LHD boundaries as described are approximate and subject to change. Consult the LHD Study Report on file with the relevant local district commission or municipal authority to verify district boundaries and whether a specific property, particularly one in proximity of a boundary line, is within the district. Also note that LHD boundaries may differ from those of State or National Register Districts.
Buildings, Parks, Monument, Water front, Other- Sewage treatment, Boat slips
Greek revival, Italianate, Queen Anne, Stick style, Colonial revival, Revival/ eclectic styles, Vernacular, Modern
City Point Historic District, which is bounded on the north by the Interstate 95 and on the south by New Haven Harbor, encompasses about 30 acres. Historically known as Oyster Point, the area is the southern tip of the peninsula called City Point, a residential neighborhood that once extended north all the way to Columbus Avenue. Despite its relative isolation, the area continued to flourish. Today the district is still a vital well-preserved neighborhood, one which displays exceptional architectural integrity. Howards Avenue, the spine of the district, still connects it to the rest of the city. Other streets in the district are Greenwich Avenue, Sixth Street, Hallock Avenue and most of the Sea and South Water Streets. Almost 100 residential historic properties are found are found along these streets as well as several historic and modern commercial properties at the waterfront. Bayview Park on the northeast and the site of the old Bolevard Sewage Treatment Plant on the eastern edge of the neighborhood are also included. 
Architecture, Maritime history, Commerce: An exceptionally cohesive, well-preserved urban residential neighborhood, the Oyster Point Historic District is historically significant for its maritime associations, specifically the oystering industry which flourished there between 1840 and 1925. The district contains representative examples of vernacular domestic architecture of exceptional quality and variety constructed during its period of significance by carpenter builders. Of particular importance are the oystermen's houses, a distinctive building type built in the mid-nineteenth century and first influenced by the Greek Revival style, and the many fine Queen Anne-style houses of the later nineteenth century. [NR]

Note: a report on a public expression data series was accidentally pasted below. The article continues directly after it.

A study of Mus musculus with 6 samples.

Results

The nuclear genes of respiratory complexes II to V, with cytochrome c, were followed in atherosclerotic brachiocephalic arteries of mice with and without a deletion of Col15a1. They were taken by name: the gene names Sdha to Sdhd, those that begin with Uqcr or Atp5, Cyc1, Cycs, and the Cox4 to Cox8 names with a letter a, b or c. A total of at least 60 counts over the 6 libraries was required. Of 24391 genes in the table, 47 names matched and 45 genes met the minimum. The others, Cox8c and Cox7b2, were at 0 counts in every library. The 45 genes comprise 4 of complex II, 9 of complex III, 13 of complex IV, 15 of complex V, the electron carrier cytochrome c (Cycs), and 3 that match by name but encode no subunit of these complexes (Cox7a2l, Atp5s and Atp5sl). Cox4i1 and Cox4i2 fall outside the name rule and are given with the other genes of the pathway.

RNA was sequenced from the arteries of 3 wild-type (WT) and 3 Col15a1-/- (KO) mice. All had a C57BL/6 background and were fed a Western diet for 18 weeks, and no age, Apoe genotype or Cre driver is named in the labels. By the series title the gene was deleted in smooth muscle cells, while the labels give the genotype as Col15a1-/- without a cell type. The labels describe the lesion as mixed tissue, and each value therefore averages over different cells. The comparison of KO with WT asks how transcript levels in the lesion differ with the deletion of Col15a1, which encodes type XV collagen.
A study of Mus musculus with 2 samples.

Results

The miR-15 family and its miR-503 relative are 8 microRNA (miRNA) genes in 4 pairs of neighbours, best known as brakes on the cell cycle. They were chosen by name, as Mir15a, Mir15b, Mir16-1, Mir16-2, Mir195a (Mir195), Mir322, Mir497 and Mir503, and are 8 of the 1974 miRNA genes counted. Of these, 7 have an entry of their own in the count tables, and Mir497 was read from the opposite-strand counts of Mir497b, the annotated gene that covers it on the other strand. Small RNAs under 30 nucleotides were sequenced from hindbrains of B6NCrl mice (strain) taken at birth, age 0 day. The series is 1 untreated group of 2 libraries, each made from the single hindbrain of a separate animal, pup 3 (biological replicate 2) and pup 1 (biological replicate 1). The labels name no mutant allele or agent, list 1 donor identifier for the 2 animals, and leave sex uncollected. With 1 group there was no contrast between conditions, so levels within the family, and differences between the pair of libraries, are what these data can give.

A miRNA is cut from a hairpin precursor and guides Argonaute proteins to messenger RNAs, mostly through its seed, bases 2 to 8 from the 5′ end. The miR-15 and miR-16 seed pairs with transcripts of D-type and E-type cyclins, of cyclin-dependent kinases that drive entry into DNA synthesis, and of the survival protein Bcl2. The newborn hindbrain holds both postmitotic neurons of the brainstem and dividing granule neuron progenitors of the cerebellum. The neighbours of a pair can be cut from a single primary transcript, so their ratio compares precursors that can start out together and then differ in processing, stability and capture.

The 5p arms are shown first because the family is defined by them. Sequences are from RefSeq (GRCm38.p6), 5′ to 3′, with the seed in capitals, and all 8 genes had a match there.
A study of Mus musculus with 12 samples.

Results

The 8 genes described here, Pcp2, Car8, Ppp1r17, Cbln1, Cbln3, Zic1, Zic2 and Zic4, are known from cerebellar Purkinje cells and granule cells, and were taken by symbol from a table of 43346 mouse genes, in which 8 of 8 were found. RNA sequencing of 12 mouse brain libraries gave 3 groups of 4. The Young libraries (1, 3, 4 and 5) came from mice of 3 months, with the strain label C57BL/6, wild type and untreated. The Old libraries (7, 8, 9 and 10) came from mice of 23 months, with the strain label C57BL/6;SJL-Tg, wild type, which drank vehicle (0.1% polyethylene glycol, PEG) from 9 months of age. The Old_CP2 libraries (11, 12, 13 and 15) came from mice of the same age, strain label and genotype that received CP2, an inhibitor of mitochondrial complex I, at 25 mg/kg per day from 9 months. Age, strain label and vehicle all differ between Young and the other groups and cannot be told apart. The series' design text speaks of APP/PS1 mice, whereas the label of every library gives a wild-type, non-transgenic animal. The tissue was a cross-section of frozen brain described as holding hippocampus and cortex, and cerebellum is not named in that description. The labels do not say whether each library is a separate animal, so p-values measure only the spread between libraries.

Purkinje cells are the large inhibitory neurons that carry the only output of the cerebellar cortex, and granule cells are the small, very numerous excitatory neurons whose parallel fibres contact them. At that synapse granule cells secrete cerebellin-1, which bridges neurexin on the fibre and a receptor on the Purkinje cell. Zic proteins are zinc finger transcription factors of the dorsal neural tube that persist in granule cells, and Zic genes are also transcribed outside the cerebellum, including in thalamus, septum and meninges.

City Point Historic District Study Committee, City Point Historic District Report, 1999.
 Assessor information retrieved from the website www.visionappraisal.com.
 District information and maps retrieved from the town website http://www.cityofnewhaven.com/.
 Additional information retrieved from http://www.nhpt.org/.
[NR] Cunningham Jan, Oyster Point Historic District, National Register Nomination Number- 89001085 NRIS, National Park Service, 1989 - http://pdfhost.focus.nps.gov/docs/NRHP/Text/89001085.pdf; http://pdfhost.focus.nps.gov/docs/NRHP/Photos/89001085.pdf
The boundaries of the local historic district and the National Register historic district are not coterminous.